Saturday, May 4, 2013

Nightmare In Norway Games Workshop Call of Cthulhu Adventure Review

Back Cover and Plot:  
A Call of Cthulhu adventure for 2-5 moderately experienced player characters, set in Norway in February 1925.


The body of Lieutenant Cleary is found near the village of Vikenberg. It has been badly mutilated. Thejocals say Cleary fell while skiing and was attacked by wolves ... yet Cleary was an accomplished skier, and his cousin, Sir Eustace Cleary, is perturbed ... Behind the tragedy lie blackmail threats, and the hint of something darker in the mountains. Sir Eustace cannot afford any scandal, as he is standing for Parliament. He has heard of your investigative abilities, and offers you a good fee. Will you enter the nightmare in Norway?"
1985 ... Marcus L. Rowland ... 36 pages ... Games Workshop
Introduction : 

This adventure dates from a time when Call of Cthulhu was just starting to become more widely recognized as more then simply a horror game of Lovecraftian horror survival adventure and the author Marcus Rowland wasn't the creator of "Forgotten Futures" and Diana Warrior Princess. Mr. Rowland was a regular contributor to White Dwarf magazine and responsible for expanding  CoC into the modern era. Games Workshop asked him to write a few adventures that lead the way to the game we know today.
Heart of  The Nightmare
 I've run Nightmare In Norway a couple of times for experienced groups of players and the adventure is an interesting mix of investigation and action. The investigation part is pretty standard for a Call of Cthulhu adventure until the violence starts.
There are two things that make this adventure unique. One is the setting of 1920's Norway with some rather interesting locations, NPC's and the countryside the characters find themselves in.
The first part of the adventure lags a bit and feels almost to me like a 50's horror movie which is really the way I've run it. A combination of the "Trollenberg Terror " and a Universal movie. The PCs felt almost alone, cut off from the world. 
Which leads to entanglements with the Norwegian army, vacationing (or are they?) foreigners from France, Germany and Austria and strange sightings in the woods. The Ski Lodge Location can bring home the survival horror element of the adventure. 
 The truth is that this is a mostly average adventure if played straight however in the hands of a good DM this adventure could provide a tool box for an expanded campaign. 
Major Spoilers Ahead 

The real enemies in this adventure are a family of Lovecraftian Trolls. Used correctly and these trolls can terrify the hell out of Investigators. I used the same location as part of a Cthlu Dark Ages game with village in the place of ski lodge. The trolls were at the height of their power and population. The options for the players really expanded and even though this is only a thirty six page adventure the PC's came back for more. 
I ran the same setting again in modern times and expanded the ideas to give the players an almost "Keep Movie" feel. They played the descendants of the earlier game. I also expanded the NPC's by turning the wolf boy into a troll hybrid. A degenerate who comes back to bedevil the PCs as part of an expanded cult. The ruins seen on the front cover were also expanded as well giving the area a very, very, sinister feel.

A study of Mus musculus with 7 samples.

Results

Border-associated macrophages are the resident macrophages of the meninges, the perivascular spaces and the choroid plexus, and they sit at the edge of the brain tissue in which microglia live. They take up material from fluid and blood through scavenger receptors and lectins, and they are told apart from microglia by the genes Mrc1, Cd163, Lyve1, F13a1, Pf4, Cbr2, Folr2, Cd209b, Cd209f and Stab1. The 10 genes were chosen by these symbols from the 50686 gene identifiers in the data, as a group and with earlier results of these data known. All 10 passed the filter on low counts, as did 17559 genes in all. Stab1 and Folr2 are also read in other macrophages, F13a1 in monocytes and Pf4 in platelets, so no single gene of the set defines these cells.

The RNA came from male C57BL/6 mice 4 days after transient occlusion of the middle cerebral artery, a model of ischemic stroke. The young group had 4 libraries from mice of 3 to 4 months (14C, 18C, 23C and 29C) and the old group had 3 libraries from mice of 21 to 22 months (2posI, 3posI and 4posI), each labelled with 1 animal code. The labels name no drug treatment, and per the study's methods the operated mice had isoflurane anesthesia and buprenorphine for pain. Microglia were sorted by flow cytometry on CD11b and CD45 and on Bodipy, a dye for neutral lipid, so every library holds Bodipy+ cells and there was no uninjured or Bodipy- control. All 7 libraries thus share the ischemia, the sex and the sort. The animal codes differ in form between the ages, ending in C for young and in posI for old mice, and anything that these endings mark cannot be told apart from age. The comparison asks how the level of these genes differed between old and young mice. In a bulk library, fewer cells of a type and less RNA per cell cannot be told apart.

Part of the secrets of why these early modules were so loved is that DM's really made them there own. 
There are several really nice suggestions from Eric Dodd in a review of the module. 
This is the one that really grabbed me.
"Those who like tactical gaming should enjoy using the cut-out figures on the maps provided. Note that area 9 on map 2a joins onto the corridor between locations 10 and 13 on map 2c, as this is not clearly explained. A real "Assault on Precinct 13" feeling could be generated with this part of the adventure, as players will have to decide who and how much of the building to protect" 
 You can read more HERE 

Ten reasons to Use Nightmare In Norway 
  1. The module isn't well known among most role players and seems to be mostly forgotten. Many CoC players dismiss it as simply a cursorily and move on to other better well known adventures. This alone makes it a great target to run. 
  2. There are a lot of loose ends that allow a DM to expand the adventure into a sort of Robert Howard style degenerate "Hills Have Eyes" adventure. 
  3. The enemies aren't the average tentacled horror which means that while the PC's are expecting one thing its another sanity threatening force. 
  4. Use the surrounding countryside to your complete advantage. There is endless room for expansion of the horrors found within the mountains and the ski lodge. 
  5. The time frame of the adventure allows for an over arching sense of foreboding history and modern angst among the snow capped peaks. 
  6. There is also the seed of a cult that still might be operating in the area or its legacy among the trolls and their families. This is another lead for the DM to expand into his own Mythos style cult. 
  7. The events of this module set up for any future encounters in the area. Just because the enemy seems down doesn't mean their out. 
  8. The artifacts used by the forces in the area are perfect fodder for future Delta Green operations. The monsters featured in the adventure can also be customized as only one group  of an entire species. 
  9. The NPC's and location are perfect for expansion into future adventures. I've used these monsters as unique worshipers of other gods. Almost modern morlocks as well. 
  10. There's a little bit of everything for everyone with this one if used correctly. Any DM's running this adventure need to customize it and embrace it to make it their own. Your mileage may vary.